Over the past two decades, Lowe’s and Home Depot have overpowered competitors, such as Ace and True Value in terms of market share and revenue. The giants have various things in common. They both offer almost the same varieties of commodities; have their headquarters in the South, and the average size of their stores is almost the same. Though it is hard to measure, analysts are of the opinion that the prices, staff and selection tend to be similar to large extents. Several shoppers interviewed on their preferences on the two stores thought that Home Depot has a higher edge as compared to Lowe’s, their view was that Home Depot is more about contractors, lumber and bags of cement, while Lowe’s has emphasized the appliances, plants and lighting.
Home Depot has a passion for military men being preferred by most male customers; about 13% of HD’s employees have a military background. Though Lowe’s does not keep track of the veterans it transacts with, company is in record for having set up a design that attracts female shoppers. Lowe’s have more appliances and lighting, and little of warehouse atmosphere, cool colors in the displays and high emphasis on the furnishing materials. This is strategic in attracting more female shoppers, since women buy more home improvement appliance than men do, who instead purchase the hardware. Lowe’s is more preferred by women shoppers, as compared to Home Depot, which attract mostly male shoppers (Amason, 2010).
The differences between a Home Depot store and a Lowe’s are fairly distinguishable. Lowe’s stores are designed in such a way that it is possible for two carts to pass comfortably, a design that have appealed to most female shoppers. The store management has targeted based on the fact that more than 80% of the projects at home are initiated by females. To attract more of nonprofessional shoppers, Lowe’s is preferred for their higher-margin commodities. Meanwhile, HD is traditionally known for its reliance on lots of selection, low prices and sales of materials to contractors. As Lowe’s gets into bigger markets, it is being preferred by some shoppers who were previously shopping at HD. This has caused HD to fight in every level. HD is cutting back its expansion pace, coming up with smaller stores designed to capture urban shopper. They are also developing the Expo Design Centers targeting female shopper. Lowe’s retain high preferences among female shopper; in spite of its higher prices, as compared to HD, this can be attributed to factors, such as attractive colors on their displays and spacious shopping areas. On the other hand, HD has won men’s confidence with their competitive prices and a wider selection of hardware materials (Amason, 2010).
Lowe’s strategy is to capture the consumers’ shopping for high margin home furnishing and large appliances at its urban based stores. As the store embarks on pushing hard, for growth aimed at covering up for the lost time, it would be suicidal to neglect either the gender in their strategies. Acknowledging that different consumers have different preferences and attitude toward goods and services offered in a store, such as Lowe’s, it is fundamental to have distinct strategies for female and male shoppers. In modern times, women are known to be more specific on the type on purchase. They tend to spend much time trying to get into the details. On the other hand, men have details of the item in their mind and want to get in the shortest time possible. Thus, it would be considered a wise decision for Lowe’s management to design different strategies to capture their customers, both male and female. This will assure the store of a ground in competition with Home Depot (Jones, 2011).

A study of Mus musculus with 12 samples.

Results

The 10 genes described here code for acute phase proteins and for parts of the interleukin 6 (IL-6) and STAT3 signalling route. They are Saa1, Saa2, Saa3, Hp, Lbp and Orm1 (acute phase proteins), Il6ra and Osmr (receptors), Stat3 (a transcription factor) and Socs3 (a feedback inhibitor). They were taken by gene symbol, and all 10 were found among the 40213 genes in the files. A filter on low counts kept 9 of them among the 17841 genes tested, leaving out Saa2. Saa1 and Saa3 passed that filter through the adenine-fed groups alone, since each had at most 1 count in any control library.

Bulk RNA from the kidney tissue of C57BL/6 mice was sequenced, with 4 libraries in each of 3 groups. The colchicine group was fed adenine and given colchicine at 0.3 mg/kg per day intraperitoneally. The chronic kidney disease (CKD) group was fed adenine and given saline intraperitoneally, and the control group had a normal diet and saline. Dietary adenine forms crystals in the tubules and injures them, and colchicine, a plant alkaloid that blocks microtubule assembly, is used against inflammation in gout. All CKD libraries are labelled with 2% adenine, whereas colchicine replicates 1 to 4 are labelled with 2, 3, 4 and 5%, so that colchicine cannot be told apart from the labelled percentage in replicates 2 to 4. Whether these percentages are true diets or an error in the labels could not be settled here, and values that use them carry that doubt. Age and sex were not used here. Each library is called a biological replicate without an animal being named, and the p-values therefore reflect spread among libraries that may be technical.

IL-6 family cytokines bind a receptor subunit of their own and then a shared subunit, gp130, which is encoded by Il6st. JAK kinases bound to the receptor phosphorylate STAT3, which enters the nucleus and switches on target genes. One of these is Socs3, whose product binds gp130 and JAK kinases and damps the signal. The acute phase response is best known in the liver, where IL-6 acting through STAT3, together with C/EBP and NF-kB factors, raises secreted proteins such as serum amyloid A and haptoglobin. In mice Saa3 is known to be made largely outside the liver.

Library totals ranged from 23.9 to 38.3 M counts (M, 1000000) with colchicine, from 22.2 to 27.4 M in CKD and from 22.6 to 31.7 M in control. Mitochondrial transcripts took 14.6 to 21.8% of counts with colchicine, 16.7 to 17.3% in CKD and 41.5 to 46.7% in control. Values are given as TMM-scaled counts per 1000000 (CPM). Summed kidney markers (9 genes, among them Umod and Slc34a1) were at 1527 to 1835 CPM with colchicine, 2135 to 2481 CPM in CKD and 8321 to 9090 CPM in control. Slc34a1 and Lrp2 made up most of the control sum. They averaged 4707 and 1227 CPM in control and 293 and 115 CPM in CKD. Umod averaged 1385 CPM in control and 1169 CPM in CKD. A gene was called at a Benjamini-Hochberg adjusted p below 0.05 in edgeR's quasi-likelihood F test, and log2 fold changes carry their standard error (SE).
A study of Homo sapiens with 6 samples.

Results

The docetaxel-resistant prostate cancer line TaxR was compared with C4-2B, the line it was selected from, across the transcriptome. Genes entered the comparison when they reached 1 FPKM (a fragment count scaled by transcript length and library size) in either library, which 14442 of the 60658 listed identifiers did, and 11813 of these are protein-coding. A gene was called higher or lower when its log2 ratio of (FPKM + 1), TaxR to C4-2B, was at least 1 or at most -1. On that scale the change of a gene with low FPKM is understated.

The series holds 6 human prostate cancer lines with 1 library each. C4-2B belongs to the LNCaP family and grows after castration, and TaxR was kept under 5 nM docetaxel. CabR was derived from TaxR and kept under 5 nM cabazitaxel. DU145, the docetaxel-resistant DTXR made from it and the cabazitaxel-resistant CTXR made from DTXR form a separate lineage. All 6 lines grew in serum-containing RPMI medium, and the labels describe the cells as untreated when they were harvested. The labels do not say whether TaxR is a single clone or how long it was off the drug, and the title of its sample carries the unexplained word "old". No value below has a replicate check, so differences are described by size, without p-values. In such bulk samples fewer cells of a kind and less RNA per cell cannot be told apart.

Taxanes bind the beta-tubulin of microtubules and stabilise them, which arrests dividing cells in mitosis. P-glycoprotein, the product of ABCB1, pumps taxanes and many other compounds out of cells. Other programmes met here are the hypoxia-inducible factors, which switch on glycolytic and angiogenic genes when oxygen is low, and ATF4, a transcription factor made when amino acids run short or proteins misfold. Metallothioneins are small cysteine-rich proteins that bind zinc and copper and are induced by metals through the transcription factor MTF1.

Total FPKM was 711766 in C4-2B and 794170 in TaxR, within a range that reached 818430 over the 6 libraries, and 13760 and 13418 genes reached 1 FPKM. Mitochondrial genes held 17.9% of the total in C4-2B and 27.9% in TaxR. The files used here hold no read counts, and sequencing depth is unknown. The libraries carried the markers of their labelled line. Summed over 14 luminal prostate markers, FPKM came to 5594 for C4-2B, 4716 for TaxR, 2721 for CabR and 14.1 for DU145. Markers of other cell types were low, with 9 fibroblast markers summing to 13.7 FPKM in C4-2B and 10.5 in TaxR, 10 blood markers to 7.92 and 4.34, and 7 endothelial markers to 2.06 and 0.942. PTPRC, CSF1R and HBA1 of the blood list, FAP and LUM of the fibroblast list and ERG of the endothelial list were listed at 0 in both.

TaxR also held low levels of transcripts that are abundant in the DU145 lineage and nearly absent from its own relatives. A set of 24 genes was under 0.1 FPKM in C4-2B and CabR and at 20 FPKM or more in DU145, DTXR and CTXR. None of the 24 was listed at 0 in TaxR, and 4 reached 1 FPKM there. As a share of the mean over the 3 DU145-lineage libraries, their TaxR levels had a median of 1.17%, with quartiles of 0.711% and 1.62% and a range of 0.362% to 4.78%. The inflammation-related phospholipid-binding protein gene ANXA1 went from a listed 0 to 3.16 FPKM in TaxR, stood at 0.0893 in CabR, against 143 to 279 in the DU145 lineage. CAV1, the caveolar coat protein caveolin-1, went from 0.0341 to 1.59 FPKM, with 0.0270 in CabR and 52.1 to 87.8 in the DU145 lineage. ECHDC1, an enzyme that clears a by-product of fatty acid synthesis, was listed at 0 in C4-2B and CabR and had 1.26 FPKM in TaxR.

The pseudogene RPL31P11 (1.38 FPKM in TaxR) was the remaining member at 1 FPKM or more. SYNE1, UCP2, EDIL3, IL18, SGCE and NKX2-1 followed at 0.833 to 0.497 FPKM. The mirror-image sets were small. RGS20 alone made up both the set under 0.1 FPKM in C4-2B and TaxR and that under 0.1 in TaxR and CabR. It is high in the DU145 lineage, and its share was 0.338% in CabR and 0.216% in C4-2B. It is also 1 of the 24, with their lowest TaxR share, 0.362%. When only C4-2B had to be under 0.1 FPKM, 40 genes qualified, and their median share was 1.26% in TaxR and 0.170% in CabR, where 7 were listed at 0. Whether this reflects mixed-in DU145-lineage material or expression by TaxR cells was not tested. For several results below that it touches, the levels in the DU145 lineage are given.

It is fundamental to have the optimal suppler, in order to ran a business more effectively (in the midst of the current competition being experienced in the market) than to leave the procurement procedure to chance. In industrial purchasing research, criteria, such as service, quality, price and delivery have dominated supplier selection. Other explicit criteria, such as location and reputation, are of considerable importance, but relative to the parties. For Lowe’s to achieve the best results in recruiting the best suppliers, it is crucial for the management to apply quality, cost and services, as the criteria for settling on the supplier selection parameters. Give the nature of competition that Lowe’s is engaged into, supplier selection on the basis of quality; cost and service should be at the core of decision-making. Evaluation and selection of suppliers based on these criteria enhances the four aspects of Lowe’s consumers’ satisfaction (quality, price, delivery and variety) and the performance of Lowe’s stores (Wang, 2010).